A glass-walled conference room at the Highwoods Properties headquarters on the Country Club Plaza overlooks one of the shopping district’s main intersections.
Glenn Stephenson, the Highwoods vice president who runs the Plaza, took a moment to admire a sight outside — a hard-hatted workman in a lift.
“Look at this guy cleaning that light fixture,” Stephenson says. “Isn’t that amazing? He’s out there with, like, a toothbrush on that thing.”
“That thing” is a city-owned light pole, beflowered with hanging baskets and standing tall on the Cleaver Boulevard median. But to Stephenson it offered a typical example of how carefully Highwoods attends to the shopping district, whose Kansas City roots go back to the early 1920s.
Just nine days later, the North Carolina-based real estate company announced it would put the Plaza on the market as a way to finance the purchase of two office projects in the southeast.
To many Kansas Citians, the Plaza represents something like the city’s symbolic heart. It’s only a shopping center, but it’s a very special one. It tends to make throngs of people feel good, and it attracts visitors — for drinks, food and shopping — from throughout the region. “North of 40 percent” of its customers, Stephenson says, come from beyond Kansas City.
Yet Highwoods, the district’s owner for nearly 18 years, has landed on the public hot seat from time to time for perceived stumbles that stirred up public ire, a thing made much easier since the dawn of social media. The fights tend to occur over redevelopment moves that test valid but often debatable notions about historic heritage, architectural integrity, private property and public space.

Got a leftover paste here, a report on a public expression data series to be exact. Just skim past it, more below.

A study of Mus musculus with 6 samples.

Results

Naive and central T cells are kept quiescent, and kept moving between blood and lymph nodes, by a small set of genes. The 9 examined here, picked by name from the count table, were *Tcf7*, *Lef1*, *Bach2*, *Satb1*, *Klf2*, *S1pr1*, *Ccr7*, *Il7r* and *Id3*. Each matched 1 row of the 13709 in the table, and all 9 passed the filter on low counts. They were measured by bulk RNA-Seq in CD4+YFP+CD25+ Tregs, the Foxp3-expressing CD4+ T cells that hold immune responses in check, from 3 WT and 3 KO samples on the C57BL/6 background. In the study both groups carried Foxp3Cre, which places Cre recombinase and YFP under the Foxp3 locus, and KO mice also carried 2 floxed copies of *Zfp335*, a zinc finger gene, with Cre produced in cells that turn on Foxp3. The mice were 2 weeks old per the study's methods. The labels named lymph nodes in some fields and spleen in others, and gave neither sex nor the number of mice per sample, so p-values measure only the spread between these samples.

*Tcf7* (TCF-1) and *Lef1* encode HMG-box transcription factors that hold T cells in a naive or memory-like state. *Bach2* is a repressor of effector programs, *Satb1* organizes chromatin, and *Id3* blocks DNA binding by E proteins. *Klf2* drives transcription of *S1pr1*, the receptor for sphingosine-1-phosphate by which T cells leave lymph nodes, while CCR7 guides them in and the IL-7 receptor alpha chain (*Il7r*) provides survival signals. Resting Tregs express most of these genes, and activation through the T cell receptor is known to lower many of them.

“Believe me, I’ve still got some wounds, right here,” Stephenson said in his jolly baritone drawl as he gestured toward his backside.
We had met to talk about the Midtown/Plaza planning document that’s making its way through City Hall.
Highwoods doesn’t oppose the plan, Stephenson says, but it does have major concerns about two themes. One would dictate storefront design and one points toward a future official historic designation and all the bureaucratic demands and delays that would come along with it. Highwoods’ attorney, Mike White, is aiming to seek amendments to the plan.
“Time kills deals,” Stephenson is fond of saying. Holding up as many as 40 building permits a year would present a grave impediment to landing new tenants or making other improvements, he says.
Well, I asked him in all innocence, what would happen if another owner came along? How can protection of the district’s character be assured?
“My short answer is, you’ve just got to trust us,” he said. Look at the Plaza 18 years ago and where it is today, he says, and it’s “been nothing but a stellar performance.”
“With those lessons learned,” I interjected.
Stephenson’s preferred guide is the bottom line. The Plaza’s revenue has increased every year but two — 2008 and 2009, when “everybody in America had two down years.” It’s 98 percent occupied, and going into the Christmas season it’s in the best shape ever.
One of the latest fights is occurring over someone else’s neighboring property. A developer wants to demolish three Tudor-style apartment houses on the west edge of the Plaza in favor of an undisclosed new project. The Historic Kansas City Foundation wants to add the buildings to an existing Nelle Peters Historic District, a collection of buildings designed by an important Kansas City architect. The City Plan Commission takes the subject up on Tuesday morning.
Stephenson had no opinion on the matter, but clearly he is no fan of historic preservation involving income-producing properties, including, first and foremost, his major business for the next few months, the Country Club Plaza.
“We want to be good stewards,” Stephenson said that day.
It remains to be seen how seriously the next stewards of the Plaza take on that task.